Clarke Book and Upcoming 9/11 Hearings Prompting New Look At Bush Claims
Read Dan Froomkin’s "White House Briefing" posted to the Washington Post website just hours ago and see how the fallout from the Clarke book and the upcoming 9/11 hearings are already forcing the media to challenge the White House version of events prior to and just after the attacks on 9/11. Note that the White House still has not provided any direct refutation of Clarke’s claims.
Froomkin references a story by Wall Street Journal reporter Scot J. Paltrow (unavailable for linkage without subscription) this morning, where longstanding claims by those in the blogosphere about Bush’s behavior and claims right after the attacks are finally getting mainstream media attention.
And in this morning's Wall Street Journal, Scot J. Paltrow writes about how the commission is trying to fill the gaps and inconsistencies in the government account about what actually happened on Sept. 11.
"Among other things, the commission is examining such questions as how long Mr. Bush remained in a Florida classroom just after the World Trade Center strikes, whether there really was a threat to Air Force One that day, how effectively American fighter jets reacted to the attacks, and who activated the national-emergency-response plan."
White House Chief of Staff Andrew Card, who famously whispered in the president's ear, "A second plane hit the second tower. America is under attack," has previously said that Bush left the Florida classroom he was sitting in within seconds.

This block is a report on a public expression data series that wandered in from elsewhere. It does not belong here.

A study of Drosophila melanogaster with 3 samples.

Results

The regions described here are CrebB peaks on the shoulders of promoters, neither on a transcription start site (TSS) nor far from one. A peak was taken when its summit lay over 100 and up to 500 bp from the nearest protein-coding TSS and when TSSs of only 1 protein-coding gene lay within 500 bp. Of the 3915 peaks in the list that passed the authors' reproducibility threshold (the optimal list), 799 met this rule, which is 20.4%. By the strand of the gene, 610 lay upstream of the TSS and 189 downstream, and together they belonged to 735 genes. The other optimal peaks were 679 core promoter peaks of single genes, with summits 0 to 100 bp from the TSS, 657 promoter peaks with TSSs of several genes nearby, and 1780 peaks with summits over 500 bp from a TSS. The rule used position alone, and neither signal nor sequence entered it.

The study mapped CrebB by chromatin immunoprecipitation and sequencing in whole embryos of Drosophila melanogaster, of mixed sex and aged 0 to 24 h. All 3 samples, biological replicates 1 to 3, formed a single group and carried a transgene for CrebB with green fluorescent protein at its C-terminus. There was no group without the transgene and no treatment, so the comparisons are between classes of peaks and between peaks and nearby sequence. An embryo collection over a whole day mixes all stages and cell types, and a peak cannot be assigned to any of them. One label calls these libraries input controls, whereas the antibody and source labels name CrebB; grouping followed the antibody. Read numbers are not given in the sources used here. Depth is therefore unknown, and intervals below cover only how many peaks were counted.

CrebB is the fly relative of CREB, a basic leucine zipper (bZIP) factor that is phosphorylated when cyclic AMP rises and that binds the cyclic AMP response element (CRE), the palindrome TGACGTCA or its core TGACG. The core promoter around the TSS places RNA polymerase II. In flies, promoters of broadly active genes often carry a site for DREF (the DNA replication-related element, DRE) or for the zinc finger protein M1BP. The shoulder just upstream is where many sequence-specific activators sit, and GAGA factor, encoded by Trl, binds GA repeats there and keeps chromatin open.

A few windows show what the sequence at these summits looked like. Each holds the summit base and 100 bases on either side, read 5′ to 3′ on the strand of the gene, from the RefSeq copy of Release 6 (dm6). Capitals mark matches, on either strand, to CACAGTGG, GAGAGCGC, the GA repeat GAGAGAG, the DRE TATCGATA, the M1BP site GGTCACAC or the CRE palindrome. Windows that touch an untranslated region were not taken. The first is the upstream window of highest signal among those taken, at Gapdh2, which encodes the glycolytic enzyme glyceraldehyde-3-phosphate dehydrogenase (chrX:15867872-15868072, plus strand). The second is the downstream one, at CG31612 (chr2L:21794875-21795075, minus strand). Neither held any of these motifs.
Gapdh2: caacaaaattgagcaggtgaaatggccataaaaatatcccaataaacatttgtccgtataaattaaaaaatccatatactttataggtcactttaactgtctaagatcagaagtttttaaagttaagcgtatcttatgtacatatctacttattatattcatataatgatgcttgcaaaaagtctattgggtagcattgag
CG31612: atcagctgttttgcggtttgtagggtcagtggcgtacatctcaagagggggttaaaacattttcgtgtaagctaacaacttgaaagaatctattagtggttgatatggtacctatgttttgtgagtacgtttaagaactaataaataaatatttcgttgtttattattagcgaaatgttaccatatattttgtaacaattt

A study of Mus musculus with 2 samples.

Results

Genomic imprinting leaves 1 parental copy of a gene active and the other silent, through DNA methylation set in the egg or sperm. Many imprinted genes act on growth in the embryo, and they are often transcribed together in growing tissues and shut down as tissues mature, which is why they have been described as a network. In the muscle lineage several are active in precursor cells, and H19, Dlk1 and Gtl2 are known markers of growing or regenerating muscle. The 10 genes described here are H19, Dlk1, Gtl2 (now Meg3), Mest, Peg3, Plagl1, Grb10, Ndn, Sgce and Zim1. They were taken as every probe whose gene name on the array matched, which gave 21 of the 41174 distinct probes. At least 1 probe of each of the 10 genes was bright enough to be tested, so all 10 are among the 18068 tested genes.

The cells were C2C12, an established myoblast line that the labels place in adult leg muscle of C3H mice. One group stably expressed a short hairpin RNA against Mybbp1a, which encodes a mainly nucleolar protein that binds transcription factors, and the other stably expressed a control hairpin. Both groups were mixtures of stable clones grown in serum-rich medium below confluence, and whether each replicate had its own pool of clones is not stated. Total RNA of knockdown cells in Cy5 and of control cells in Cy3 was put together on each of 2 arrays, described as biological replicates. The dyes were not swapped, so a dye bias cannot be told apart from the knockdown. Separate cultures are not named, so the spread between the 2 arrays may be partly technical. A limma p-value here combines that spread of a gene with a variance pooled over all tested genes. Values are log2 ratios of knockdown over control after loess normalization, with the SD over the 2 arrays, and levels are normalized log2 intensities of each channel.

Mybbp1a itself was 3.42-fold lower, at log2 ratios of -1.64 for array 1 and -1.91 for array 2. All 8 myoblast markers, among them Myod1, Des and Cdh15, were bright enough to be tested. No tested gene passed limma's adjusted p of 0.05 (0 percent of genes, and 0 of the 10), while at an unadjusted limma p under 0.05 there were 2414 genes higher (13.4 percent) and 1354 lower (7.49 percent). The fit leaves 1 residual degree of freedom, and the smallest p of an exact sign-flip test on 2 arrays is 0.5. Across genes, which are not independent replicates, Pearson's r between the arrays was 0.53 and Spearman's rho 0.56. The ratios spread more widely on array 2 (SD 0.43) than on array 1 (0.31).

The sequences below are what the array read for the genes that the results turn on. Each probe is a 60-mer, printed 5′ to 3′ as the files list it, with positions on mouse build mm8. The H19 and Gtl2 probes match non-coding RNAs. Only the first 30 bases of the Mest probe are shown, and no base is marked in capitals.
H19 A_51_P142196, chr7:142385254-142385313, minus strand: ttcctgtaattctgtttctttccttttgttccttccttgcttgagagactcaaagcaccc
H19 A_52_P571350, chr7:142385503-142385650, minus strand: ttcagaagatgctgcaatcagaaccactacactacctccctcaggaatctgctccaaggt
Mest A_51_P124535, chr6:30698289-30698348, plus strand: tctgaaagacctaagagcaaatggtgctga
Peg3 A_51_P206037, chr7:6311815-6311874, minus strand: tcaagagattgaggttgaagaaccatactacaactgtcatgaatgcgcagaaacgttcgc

"But uncut videotape of the classroom visit obtained from the local cable-TV station director who shot it, and interviews with the teacher and principal, show that Mr. Bush remained in the classroom not for mere seconds, but for at least seven additional minutes. He followed along for five minutes as children read aloud a story about a pet goat. Then he stayed for at least another two minutes, asking the children questions and explaining to Ms. Rigell that he would have to leave more quickly than planned."
Paltrow writes: "Both Republican and Democratic commissioners have said they are focusing closely on what happened next -- and whether mere minutes could have affected the outcome on Sept. 11. The panel's investigators are looking at questions such as the timeliness of presidential orders about intercepting the jet that at 9:37 a.m. plowed into the Pentagon."
Paltrow also writes that Bush could not have been telling the truth when he told a town-hall meeting in December, 2001: "I was sitting outside the classroom, waiting to go in, and I saw an airplane hit the tower -- the TV was obviously on. And I used to fly myself, and I said, 'Well, there's one terrible pilot.' "
There was no such video until late that night, and the TV wasn't even plugged in, Paltrow writes.
Will the commission ask these questions? And what creative answers will the Bush team have?